Teaching Spanish to Toddlers & Preschoolers

{Don’t forget about my Valentine’s Day request!}

Last week, we looked at the various “me gusta” options for what we {well, I, to be more accurate} like.  This, week I thought we could change it up a bit by adding what other people like.  This could be fun especially if your child has a sibling who can participate {or at least has obvious preferences}.

{Check my Spanish Page for the previous lessons.}

A quick review:

  • Me gusta __(1 thing).= I like (1 thing).
  • Me gustan __(2+ things)__.= I like (2+ things).
  • No me gusta(n)….=I don’t like….
  • ¿Qué te gusta?= What do you like?
  • ¿Te gusta(n) _______?= Do you like _______?
  • You ALWAYS use the article (el, la, los, las) when you use this phrasing even when it doesn’t sound right in English.


  • Me gusta la coca-cola zero. {singular “gusta” because Coke zero is singular}
  • No me gustan los gatos. {plural “gustan” because cats are plural}

Note: For your grammarians shaking your heads…

This doesn’t literally translate as ‘I like.”  That’s why there is no “yo” and the conjugated verb is not in the first person.  This is actually backwards from how we English-speakers say it: Coke Zero pleases me.  Cats do not please me.  So the subject actually follows the verb in this construct and the “me” used is actually a direct object pronoun.

Okay, I’m done.  Man, I do miss teaching, though!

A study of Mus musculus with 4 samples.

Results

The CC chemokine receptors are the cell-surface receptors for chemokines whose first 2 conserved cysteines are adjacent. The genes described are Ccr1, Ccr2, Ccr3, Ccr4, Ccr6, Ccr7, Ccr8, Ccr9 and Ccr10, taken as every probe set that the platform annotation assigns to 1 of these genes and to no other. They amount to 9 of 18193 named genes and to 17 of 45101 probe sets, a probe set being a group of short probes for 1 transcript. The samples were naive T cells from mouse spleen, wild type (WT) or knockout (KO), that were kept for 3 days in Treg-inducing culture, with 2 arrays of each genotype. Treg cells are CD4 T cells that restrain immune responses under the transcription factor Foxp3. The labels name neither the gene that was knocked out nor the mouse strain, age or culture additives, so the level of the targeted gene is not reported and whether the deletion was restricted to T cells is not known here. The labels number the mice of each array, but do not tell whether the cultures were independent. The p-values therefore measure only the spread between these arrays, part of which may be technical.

Le gusta(n)….

Let’s keep it simple today.  We can apply the same principles for what other people like, there are just a few more words.  Remember that kids don’t need to understand the grammar- in fact, you’ll run them off if you even try to explain it {trust me}.  Just repeating it with fun things they know and like will suffice for most.

  • A Rebekah le gusta el pastel.

    A Rebekah le gusta el chocolate- Rebekah likes choclate {literally, Chocolate pleases Rebekah}.

  • A Luke le gusta las dulces. Luke likes sweeties {literally, Sweeties please Luke}.

*Note, both times, I used the object pronoun “le” which refers to any thrid person {he she, it, etc}.

*Also, notice that the singular/plural versions of gusta(n) still applies.  I wouldn’t harp on this at all, even if the kids mess it up {or you do, which you will if you’re not used to speaking Spanish}, they’re still getting the basic construction…and better yet, they’ll develop ears for it when native speakers use it.

We’ll leave it at that for today- kudos to you if you’ve been practicing!!

I’ll leave you with a fun little gustar song.  You’re welcome.